A new article on so-called “emergency contraception” (hereafter: EC) was published last week in the Journal of Policy Analysis and Management.
Its central finding:
We find that expanded access to EC has had no statistically significant effect on birth or abortion rates.
If you’ve been following the research on EC in recent years, you’ll recognize that this is not so much news as it is further confirmation that the ever-increasing propagation of EC has been an utterly failed strategy.
How utterly? Consider that when the FDA first approved EC pills in 1998, supporters predicted that “50 percent of all abortions and unintended pregnancies in this country could be avoided if women had access to emergency contraception.”
Since then, these predictions have proven to be hopelessly wrong.
A Staggering Increase in Planned Parenthood’s EC Numbers
Consider also that in 2001, the nation’s largest abortion chain, Planned Parenthood, distributed [PDF] 458,892 EC kits. Their EC numbers continued to increase substantially each year, and in 2004 [PDF], Planned Parenthood distributed nearly one million EC kits.
In 2011 [PDF] (the last year for which data are available), they distributed over 1.4 million EC kits—a staggering increase of 210% over the number they distributed in the first year of this century. (And let’s not forget that it’s you the taxpayer who is often the one footing the bill for the EC kits distributed by Planned Parenthood. Is it any wonder they unload so many?)
Yet all of those millions of megadoses of the regular birth control pill have had “no significant effect” on unintended pregnancy and abortion rates.
Even Princeton’s Dr. James Trussell—whose bio page notes that he is “a senior fellow at the Guttmacher Institute, a member of the National Medical Committee of Planned Parenthood Federation of America, and a member of the board of directors of the NARAL Pro-Choice America Foundation and the Society of Family Planning”—who has been one of EC’s biggest cheerleaders for decades has, in recent years, begun to backtrack on many of his earlier predictions.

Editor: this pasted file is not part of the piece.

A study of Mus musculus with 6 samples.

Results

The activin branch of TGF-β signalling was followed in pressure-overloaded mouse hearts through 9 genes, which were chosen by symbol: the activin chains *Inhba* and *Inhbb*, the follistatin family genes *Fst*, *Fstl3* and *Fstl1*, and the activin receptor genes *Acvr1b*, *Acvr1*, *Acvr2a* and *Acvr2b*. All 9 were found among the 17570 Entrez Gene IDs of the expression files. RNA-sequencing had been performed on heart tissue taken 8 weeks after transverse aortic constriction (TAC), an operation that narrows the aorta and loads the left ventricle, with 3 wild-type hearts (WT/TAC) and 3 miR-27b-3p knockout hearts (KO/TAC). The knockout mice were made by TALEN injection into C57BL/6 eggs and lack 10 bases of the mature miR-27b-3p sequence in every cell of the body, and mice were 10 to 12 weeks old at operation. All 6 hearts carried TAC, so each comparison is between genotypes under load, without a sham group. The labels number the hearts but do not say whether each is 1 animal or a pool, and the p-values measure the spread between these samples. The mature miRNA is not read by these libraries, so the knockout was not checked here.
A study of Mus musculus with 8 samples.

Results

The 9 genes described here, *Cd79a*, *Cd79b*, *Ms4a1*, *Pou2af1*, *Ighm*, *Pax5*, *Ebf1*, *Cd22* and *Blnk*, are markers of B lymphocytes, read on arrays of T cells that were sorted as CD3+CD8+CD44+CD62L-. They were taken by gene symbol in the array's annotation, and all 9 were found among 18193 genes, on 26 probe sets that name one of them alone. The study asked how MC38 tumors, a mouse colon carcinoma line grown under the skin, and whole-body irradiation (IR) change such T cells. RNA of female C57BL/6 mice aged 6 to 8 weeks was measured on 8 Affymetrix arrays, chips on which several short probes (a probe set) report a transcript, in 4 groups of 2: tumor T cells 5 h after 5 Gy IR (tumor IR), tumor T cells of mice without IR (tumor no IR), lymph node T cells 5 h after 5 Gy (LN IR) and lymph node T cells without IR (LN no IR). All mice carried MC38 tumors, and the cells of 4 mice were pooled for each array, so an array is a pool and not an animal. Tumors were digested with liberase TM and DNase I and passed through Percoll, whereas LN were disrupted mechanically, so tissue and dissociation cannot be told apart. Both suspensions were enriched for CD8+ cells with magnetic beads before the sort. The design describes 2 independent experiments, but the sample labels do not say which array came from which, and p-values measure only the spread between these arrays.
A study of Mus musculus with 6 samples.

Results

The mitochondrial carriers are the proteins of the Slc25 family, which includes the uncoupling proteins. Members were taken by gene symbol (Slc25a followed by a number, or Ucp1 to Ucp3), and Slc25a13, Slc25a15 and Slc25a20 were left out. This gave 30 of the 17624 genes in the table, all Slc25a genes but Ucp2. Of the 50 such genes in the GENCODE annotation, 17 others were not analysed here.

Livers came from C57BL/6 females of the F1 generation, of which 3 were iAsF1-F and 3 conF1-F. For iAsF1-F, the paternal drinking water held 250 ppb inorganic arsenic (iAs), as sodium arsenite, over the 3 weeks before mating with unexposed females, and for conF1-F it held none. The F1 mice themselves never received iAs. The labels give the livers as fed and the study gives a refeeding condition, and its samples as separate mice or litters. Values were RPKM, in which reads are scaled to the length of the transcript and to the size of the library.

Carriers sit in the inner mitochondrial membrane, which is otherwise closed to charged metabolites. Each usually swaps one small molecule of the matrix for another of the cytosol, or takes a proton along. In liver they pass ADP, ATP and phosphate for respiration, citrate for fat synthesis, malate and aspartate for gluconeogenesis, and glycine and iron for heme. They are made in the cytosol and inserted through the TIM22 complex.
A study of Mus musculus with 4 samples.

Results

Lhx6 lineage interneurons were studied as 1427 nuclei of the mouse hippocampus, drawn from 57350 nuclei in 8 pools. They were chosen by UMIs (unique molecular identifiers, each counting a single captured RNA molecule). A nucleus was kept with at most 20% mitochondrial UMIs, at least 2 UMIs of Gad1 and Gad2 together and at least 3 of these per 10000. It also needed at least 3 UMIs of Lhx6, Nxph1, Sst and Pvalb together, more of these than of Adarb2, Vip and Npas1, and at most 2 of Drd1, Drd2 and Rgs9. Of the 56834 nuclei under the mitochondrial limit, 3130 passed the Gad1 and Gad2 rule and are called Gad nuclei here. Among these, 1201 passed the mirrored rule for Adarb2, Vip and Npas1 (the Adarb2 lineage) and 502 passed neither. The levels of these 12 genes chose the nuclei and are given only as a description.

In fact, earlier this week he was quoted in a Daily Mail article warning about a proposal in the UK that would “give all women access to ‘advance provision’ of emergency contraception.”
Quite simply, Trussell said, “I don’t think it’s a strategy that is going to lead to a reduction in unintended pregnancies or abortions.”
The article also noted:
[Trussell] also warned that there is also evidence to show the guidelines make women more inclined to have unprotected sex – as they come to regard the morning-after pill as a safety net.
Remember: this is not some longtime pro-lifer talking. Trussell has spent decades thumping the tub for EC, and with his connections to Planned Parenthood, the Guttmacher Institute, and NARAL, no one would question his “pro-choice” cred.
Increased Access to EC, Decreased Reports of Sexual Assault
There is, however, one finding from last week’s Journal of Policy Analysis and Management article that many will find eye-opening.
Noting that “access” to EC has increased in the last 15 years, the authors note that these expansions:
…have changed the venue in which the drug is obtained, shifting its provision from hospital emergency departments to pharmacies. We find evidence that this shift may have led to a decrease in reports of sexual assault. [emphasis added]
Earlier this year, when a federal judge ordered that EC be made available over-the-counter to all women (and girls) with no age restrictions, Planned Parenthood President Cecile Richards gushed that this was “wonderful news for women.”
Now that there’s evidence that increased access to EC has led to fewer rape victims actually reporting their assaults to police, what does Planned Parenthood have to say now?